The latest court hearing into the MedHotels £7 million VAT case got underway on Tuesday prompting one tax expert to say the first day did not bode well for the bed bank.
The case was brought by Her Majesty’s Revenue and Customs which alleges MedHotels was not acting as an agent during a period between 2004 and 2007 when it was owned by lastminute.com and therefore liable to pay VAT under the Tour Operators Margin Scheme (TOMS).
Having lost an original VAT tribunal case, that decision was overturned on appeal in a later judgement following an Upper Tier Tax Tribunal in the High Court, the judge deciding that the contracts drawn up between MedHotels and its suppliers were watertight.
However, Nick Garside, Grant Thornton senior manager, who attended the hearing on Tuesday said it was looking ominous for MedHotels.
He told the latest Grant Thornton travel industry seminar in London on Tuesday: “[Her Majesty’s Customs and] Revenue are trying to move the argument away from the principles established in the Upper Court Tribunal.
“Those were the interpretation of the contracts and agreements between the parties. The documents said quite rightly that there intended to be an agency arrangement. What Customs want the court to do is look beyond that, to look at how their obligations stacked up in reality.
“The big thing they are focused on is that simply labelling contracts as agency agreements is not determinative, you need to do more than that.”
Business practices that the hearing concentrated on, which were said to be indicative of more than an agency arrangement, included the fact that MedHotels had in-resort reps and that the hotels were never invoiced for commission so the margin was never disclosed to the supplier.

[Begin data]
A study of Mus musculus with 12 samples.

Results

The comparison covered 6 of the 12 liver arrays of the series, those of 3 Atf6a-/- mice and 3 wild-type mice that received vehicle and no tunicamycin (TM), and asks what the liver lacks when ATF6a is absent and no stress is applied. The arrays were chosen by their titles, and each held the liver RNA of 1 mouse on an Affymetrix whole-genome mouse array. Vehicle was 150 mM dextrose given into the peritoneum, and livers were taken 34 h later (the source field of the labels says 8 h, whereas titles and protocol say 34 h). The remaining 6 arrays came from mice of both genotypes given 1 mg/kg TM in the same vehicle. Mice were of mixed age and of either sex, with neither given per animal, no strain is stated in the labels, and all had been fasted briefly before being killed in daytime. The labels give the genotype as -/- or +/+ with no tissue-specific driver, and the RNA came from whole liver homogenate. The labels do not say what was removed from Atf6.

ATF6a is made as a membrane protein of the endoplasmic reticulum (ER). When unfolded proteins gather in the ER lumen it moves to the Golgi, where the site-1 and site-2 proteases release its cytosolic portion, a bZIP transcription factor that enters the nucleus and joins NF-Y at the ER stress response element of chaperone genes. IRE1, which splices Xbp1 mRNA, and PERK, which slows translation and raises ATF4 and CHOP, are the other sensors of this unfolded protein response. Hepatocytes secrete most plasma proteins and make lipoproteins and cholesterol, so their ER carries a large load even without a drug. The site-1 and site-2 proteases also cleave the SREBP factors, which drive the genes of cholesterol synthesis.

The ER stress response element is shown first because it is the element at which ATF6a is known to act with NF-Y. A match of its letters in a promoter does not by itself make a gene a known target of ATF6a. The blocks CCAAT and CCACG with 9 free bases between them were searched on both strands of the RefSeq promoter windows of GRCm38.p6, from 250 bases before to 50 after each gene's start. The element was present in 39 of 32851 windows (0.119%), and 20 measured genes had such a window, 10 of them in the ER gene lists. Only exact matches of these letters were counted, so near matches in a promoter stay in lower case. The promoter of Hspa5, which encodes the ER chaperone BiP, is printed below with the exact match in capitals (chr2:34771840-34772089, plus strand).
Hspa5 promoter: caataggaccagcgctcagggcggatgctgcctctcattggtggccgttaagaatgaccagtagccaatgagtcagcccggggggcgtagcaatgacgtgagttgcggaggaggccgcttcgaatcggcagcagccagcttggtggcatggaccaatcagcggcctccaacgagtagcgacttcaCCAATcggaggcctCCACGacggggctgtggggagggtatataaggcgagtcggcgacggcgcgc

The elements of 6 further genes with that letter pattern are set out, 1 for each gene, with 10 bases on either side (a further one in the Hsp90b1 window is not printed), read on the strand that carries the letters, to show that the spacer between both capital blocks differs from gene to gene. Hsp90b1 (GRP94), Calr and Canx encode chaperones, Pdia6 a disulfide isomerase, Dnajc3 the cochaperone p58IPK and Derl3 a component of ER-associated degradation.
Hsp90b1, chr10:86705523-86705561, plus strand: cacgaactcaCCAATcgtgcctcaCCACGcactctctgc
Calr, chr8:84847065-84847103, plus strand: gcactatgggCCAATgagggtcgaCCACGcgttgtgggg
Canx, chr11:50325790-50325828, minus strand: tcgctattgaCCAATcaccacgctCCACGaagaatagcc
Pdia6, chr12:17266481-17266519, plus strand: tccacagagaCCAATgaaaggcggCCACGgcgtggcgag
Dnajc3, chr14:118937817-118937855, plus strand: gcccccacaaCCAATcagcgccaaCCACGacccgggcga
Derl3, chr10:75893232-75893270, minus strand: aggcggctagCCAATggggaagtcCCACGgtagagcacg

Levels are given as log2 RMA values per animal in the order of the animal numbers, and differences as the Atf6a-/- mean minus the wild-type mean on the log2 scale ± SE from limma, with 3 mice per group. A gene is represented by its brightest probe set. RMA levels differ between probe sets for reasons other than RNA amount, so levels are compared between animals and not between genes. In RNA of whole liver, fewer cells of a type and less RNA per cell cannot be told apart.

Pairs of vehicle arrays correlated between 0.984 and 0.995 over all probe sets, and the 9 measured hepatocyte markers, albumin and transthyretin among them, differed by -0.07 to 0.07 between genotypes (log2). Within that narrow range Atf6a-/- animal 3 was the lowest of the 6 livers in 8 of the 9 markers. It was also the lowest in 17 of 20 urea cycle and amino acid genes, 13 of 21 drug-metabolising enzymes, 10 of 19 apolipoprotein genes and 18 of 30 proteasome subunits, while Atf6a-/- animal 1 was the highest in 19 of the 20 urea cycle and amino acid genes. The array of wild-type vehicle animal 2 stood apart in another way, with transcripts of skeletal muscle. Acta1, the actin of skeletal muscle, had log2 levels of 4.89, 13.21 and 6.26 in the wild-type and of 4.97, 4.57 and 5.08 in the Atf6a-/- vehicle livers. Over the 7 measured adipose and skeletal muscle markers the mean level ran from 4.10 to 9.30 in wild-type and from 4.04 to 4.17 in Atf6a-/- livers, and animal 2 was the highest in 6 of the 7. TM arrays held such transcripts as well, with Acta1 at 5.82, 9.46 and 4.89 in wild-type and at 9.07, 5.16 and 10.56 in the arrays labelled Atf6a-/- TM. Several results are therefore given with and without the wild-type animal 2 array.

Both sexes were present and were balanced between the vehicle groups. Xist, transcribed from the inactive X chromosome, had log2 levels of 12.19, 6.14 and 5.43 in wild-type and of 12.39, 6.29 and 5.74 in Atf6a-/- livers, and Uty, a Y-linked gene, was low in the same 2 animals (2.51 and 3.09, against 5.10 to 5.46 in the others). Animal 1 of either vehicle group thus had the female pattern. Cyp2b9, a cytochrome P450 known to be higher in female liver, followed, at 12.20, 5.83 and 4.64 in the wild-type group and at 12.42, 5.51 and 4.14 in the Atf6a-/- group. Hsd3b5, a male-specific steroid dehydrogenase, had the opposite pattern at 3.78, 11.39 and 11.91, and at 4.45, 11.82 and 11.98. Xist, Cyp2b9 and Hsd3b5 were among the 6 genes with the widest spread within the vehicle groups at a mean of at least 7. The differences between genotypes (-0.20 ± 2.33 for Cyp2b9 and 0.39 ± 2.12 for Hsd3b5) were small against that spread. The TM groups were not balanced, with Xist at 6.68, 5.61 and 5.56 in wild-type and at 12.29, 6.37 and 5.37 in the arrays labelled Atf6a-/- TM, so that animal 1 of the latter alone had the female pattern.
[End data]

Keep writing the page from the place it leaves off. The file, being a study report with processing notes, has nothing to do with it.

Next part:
Other aspects of the working partnership included the fact that MedHotels was only invoiced after the customer had departed, that no Escrow accounts were set up and that MedHotels appeared to taking on a financial risk by agreeing a commitment to block bookings.
But Garside said he believed none of the points raised were material to whether MedHotels was acting as the principal or not.
“The challenge for the MedHotels barrister is to help the judges get beyond some of these technical VAT issues which they are not experts in and to really box them off because they do not necessarily inform the agency principal relationship.”
Garside said the industry has evolved and HMRC is trying to apply an outdated model to it. “Customs has not really kept pace with the internet and dynamic packaging and what they have tried to do is overlay VAT on a situation which increasingly they do not understand.
“My sense overall was Customs had a pretty good day in terms of the submissions.”
Despite this Grant Thornton still believes it would be extraordinary if a judge were to overlook the primacy of the contract which is still considered to be king.
Garside told the seminar he thought the decision to persue MedHotels was purely about revenue generation. “Customs have the taxation of the travel industry in terms of VAT in a real mess,” he said.
There are fears that HMRC could use the MedHotels case to pursue other sectors of the holiday industry for VAT and that even if it loses this case it will take it all the way to the House of Lords where there is even less specialist knowledge of VAT rules.
MedHotels was sold to Thomas Cook in 2009.